Wednesday, 09 May 2018

ERPs play a crucial role in keeping all back-office operations running smoothly and are often the backbone of an operation. They are often taken for granted and many underestimate the time, effort and resources that are needed to implement and maintain an ERP successfully. According to analyst findings, roughly 75% of ERP projects fail.

Unfortunately, no company is immune to the devastating impacts of an ERP failure:

  • Nike lost $100 million in sales after a failed supply chain project in 2000. They were also hit with a series of lawsuits and saw a 20% dip in their stock

  • In 1999, Hershey's could not deliver on $100 million worth of chocolate right before Halloween due to a failed ERP implementation

  • Back in 2004, nearly 27,000 students from the University of Massachusetts were unable to register for classes or collect financial aid checks due to bugs in their ERP implementation

However, catastrophic mistakes like this can easily be avoided.

1. Know What You Really Need

Whilst ERPs are instrumental in the backend management of a company, they are not a solution to every business challenge. They are not equipped to take on every ask (e.g. collecting a payment or sending an invoice). For business functions that ERP are not equipped for, it may be more efficient to opt for a third-party solution that can be integrating with an existing ERP.

Before jumping into an implementation, make sure that is can handle the specific tasks you need. Bearing an ERP's limitations in mind, you will have a better chance o ensuring you are managing your back office systems and data in the most efficient way possible.

2. Set Realistic Budget Expectations

As ERP projects are such a powerful tool, they inevitably come with increased costs. ERP's require massive amounts of time and labour, as well as the additional costs associated with licensing, maintenance, development and hardware fees. Underestimating these costs can be detrimental.

When 74% of ERP projects cost more than predicted, accurate planning and evaluation are key. By benchmarking against the ERP deployments of similar organisations, you can ensure that you keep your implementation process as smooth and cost-efficient as possible. It is equally as important not to overlook the smaller costs that may crop up such as training staff, fixing bugs and converting data.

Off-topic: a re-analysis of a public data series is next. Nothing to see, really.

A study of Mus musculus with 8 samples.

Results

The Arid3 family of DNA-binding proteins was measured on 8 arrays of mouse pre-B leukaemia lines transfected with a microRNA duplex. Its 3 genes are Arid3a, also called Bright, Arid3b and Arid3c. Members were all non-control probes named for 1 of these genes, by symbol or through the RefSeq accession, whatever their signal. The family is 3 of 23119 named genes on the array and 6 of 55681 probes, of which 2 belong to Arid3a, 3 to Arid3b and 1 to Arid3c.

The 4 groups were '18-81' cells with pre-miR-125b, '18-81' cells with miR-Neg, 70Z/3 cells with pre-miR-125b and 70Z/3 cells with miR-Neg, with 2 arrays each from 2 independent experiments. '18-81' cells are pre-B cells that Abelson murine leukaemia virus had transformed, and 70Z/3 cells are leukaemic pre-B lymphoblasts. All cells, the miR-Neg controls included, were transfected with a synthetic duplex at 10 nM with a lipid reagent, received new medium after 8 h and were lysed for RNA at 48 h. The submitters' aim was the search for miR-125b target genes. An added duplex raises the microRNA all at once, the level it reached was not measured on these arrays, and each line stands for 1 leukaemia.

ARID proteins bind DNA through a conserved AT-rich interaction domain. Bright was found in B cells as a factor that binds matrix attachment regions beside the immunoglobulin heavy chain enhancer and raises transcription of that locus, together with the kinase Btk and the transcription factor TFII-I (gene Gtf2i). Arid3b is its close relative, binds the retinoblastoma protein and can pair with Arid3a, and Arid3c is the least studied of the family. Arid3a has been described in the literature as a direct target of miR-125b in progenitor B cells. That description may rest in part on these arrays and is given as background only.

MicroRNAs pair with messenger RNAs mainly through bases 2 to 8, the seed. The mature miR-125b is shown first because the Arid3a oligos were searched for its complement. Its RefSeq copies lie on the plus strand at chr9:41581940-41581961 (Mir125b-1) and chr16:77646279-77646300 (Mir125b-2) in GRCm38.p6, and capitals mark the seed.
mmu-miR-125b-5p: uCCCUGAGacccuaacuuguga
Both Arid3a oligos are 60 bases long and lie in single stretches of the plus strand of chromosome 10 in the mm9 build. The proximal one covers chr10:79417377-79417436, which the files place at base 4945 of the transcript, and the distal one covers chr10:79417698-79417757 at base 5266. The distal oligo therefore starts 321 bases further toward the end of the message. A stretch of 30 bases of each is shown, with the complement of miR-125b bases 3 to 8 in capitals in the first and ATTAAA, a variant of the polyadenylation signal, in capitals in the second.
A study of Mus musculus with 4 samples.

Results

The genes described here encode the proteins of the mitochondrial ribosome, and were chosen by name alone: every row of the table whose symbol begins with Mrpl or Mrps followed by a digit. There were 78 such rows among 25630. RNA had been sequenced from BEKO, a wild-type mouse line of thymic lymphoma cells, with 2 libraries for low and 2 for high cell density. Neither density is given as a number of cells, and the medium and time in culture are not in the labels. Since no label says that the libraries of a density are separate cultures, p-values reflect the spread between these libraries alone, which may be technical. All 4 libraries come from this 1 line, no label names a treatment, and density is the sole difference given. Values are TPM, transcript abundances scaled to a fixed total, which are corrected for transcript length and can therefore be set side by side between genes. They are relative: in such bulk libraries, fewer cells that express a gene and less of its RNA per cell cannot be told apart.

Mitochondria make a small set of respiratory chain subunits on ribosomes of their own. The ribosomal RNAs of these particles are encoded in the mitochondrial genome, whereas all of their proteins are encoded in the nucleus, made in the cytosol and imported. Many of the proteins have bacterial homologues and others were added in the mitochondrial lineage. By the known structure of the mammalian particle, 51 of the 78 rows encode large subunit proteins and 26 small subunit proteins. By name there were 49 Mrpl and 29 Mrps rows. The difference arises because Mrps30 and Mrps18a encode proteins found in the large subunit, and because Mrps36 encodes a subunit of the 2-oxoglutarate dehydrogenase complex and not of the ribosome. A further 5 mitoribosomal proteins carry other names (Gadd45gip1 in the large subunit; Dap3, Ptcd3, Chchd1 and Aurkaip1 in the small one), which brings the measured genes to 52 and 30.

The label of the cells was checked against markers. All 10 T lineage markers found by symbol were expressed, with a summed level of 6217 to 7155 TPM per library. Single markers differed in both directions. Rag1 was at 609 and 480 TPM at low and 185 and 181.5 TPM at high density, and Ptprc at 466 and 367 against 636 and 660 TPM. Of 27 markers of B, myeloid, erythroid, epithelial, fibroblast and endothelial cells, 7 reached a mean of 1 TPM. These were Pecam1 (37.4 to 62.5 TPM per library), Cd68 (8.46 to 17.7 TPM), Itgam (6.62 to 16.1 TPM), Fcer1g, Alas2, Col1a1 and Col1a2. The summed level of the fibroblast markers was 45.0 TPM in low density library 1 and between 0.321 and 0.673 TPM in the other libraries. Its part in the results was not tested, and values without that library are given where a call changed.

3. Expect Extended Timelines and Plan Accordingly

Unfortunately, successful ERP implementation does not happen overnight. According to a report by Panorama Consulting Solutions, nearly 59% of ERP projects end up taking longer to implement than originally expected. Relying on a new system to perform functions by a certain date is one of the biggest mistakes IT executives can make. Rushing to meet deadlines should never be a part of an implementation plan. It is important to remain flexible when it comes to the project timeline.

It is also critical not to underestimate the time needed to maintain an ERP system going forward. ERPs are not a one-time investment. As a business grows, so does the complexity of its ERP. You and your business must be prepared to put in the time and resources needed to provide continual support and maintenance for an ERP.

4. Be Patient and Be Prepared to Problem Solve

Part of any successful ERP implementation is addressing bugs, and this is a step where you can afford to make assumptions. Using a phased approach to deploying an ERP can prevent any major disruptions. Rather than immediately switching to a new or upgraded system, test it before your existing system/process is dismantled. 

A study by Panorama found that 88% of companies will end up customizing their ERP, this will require additional time to implement and test. Whilst customisation may work properly in the short term, there's a chance you may face difficulties in supporting customisations in the long term. Customisation within your ERP system may require additional resources or third party support o deploy upgrades or ensure compliance with evolving industry best practices.